However, McGinchey and PFA Australia contest that decision and are considering all legal options including an appeal.

McGlinchey and the PFA are of the opinion that the player should no longer be under contract at Central Coast Mariners after the club's A-League license had been sold to a new owner. The 26-time New Zealand international wants to join Wellington Phoenix, the A-League club from his hometown in New Zealand. He is already training with them.

But on Thursday, independent arbitrator Peter Kite, the chair of he Australian National Dispute Resolution Chamber, ruled that McGlinchey remained contracted to the Central Coast Mariners, blocking the player's desired switch to the Wellington Phoenix.

PFA Chief Executive Adam Vivian stated that, "The PFA stands by the advice given to Michael, which was based on information given in October 2013 by Football Federation Australia that due to a change in ownership, the A-League license of the Mariners would be transferred to a new company controlled by owner Mike Charlesworth."

Under an agreement reached between FFA and the PFA, all Mariners' players were to be offered employment with the new company, and the previous Mariners' entity would cease to operate the A-League license. As a result, almost the entire Mariners squad signed agreements with the new entity.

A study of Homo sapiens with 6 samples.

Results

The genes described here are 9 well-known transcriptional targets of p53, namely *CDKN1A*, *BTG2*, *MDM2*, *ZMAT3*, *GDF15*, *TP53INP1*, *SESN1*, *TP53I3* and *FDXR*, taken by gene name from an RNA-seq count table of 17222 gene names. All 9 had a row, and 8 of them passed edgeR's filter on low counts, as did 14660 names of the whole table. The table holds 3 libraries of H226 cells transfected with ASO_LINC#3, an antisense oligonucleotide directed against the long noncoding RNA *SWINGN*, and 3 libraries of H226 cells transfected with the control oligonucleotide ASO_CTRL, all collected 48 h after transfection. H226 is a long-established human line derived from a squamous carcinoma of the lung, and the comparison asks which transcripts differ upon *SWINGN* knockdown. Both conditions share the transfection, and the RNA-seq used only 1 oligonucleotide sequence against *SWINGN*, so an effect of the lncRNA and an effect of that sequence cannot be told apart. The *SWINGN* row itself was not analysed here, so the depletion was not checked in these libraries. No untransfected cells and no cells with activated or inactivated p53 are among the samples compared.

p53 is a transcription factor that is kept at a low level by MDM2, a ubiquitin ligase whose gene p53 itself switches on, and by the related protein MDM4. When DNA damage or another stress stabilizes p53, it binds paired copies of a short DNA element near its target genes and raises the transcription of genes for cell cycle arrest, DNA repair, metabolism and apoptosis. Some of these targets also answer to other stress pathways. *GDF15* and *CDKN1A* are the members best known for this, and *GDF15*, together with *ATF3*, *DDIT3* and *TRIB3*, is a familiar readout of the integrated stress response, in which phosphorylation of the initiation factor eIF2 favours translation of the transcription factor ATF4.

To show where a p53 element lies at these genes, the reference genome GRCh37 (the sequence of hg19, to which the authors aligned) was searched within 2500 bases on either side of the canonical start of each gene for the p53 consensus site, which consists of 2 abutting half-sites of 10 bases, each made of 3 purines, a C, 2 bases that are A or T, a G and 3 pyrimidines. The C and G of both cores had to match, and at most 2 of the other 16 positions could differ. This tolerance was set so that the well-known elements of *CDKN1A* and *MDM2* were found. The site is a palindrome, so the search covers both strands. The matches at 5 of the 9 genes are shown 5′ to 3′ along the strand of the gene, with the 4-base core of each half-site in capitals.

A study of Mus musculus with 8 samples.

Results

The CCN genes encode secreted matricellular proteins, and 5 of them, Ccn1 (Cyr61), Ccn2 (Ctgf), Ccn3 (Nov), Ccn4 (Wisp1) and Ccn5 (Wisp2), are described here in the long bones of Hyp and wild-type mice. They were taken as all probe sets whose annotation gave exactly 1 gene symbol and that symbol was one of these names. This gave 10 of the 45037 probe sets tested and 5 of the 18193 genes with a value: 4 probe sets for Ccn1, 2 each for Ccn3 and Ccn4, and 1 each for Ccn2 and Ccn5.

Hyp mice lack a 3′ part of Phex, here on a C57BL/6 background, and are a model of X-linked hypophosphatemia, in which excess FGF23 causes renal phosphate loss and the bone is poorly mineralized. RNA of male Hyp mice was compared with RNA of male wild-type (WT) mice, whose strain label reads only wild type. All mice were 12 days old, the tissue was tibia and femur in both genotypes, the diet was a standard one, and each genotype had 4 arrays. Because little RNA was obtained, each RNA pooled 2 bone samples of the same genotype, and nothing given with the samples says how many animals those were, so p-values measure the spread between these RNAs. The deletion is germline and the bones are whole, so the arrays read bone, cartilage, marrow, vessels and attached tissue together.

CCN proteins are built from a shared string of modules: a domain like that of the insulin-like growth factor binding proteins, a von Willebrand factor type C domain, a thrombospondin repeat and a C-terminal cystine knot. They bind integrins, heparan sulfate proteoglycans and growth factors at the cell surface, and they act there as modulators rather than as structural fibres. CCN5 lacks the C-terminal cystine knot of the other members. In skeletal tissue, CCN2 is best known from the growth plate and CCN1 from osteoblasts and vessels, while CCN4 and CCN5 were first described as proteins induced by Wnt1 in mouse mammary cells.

Vivian: "As Michael was contracted to the previous entity, he was free to pursue his professional interests as a player without a contract and sign with a club of his choice."

"However, it only recently emerged that the entity licensed to operate the Mariners had not changed, but will do so in the near future. The reason for the failure to transfer the license has not been satisfactorily explained to the PFA."

"The PFA is greatly concerned by the situation at the Mariners, which unnecessarily raises concerns about the sanctity of the A-League licensing system administered by FFA. All A-League players are entitled to know that the club which employs them is duly licensed by FFA. If not, the ability of the game to regulate itself and uphold player contracts is brought into question."

"Players have previously lost over $2.5 million in entitlements where a new entity refused to pick up player contracts on the transfer of an A-League license. The irony of Michael's position in light of this is not lost on the PFA and our membership.

The PFA's lawyers are now analyzing the decision of the arbitrator to determine the next course of action. "In the meantime, we reiterate our commitment to sitting down with FFA, Mr Charlesworth and all affected parties to resolve all matters across the table and to bring much needed certainty to this situation," Vivian concluded.

James Hardy, Michael McGlinchey's agent James hardy, told Stuff website he "can not see any logic or sense behind the decision". "I don't wish to get into a war of words but what I will say is the FFA should stop sitting on the fence and come out with some clarity."

"Michael has been let down by really poor governance and leadership by the FFA, which ultimately is putting players' welfare on the line through their negligence."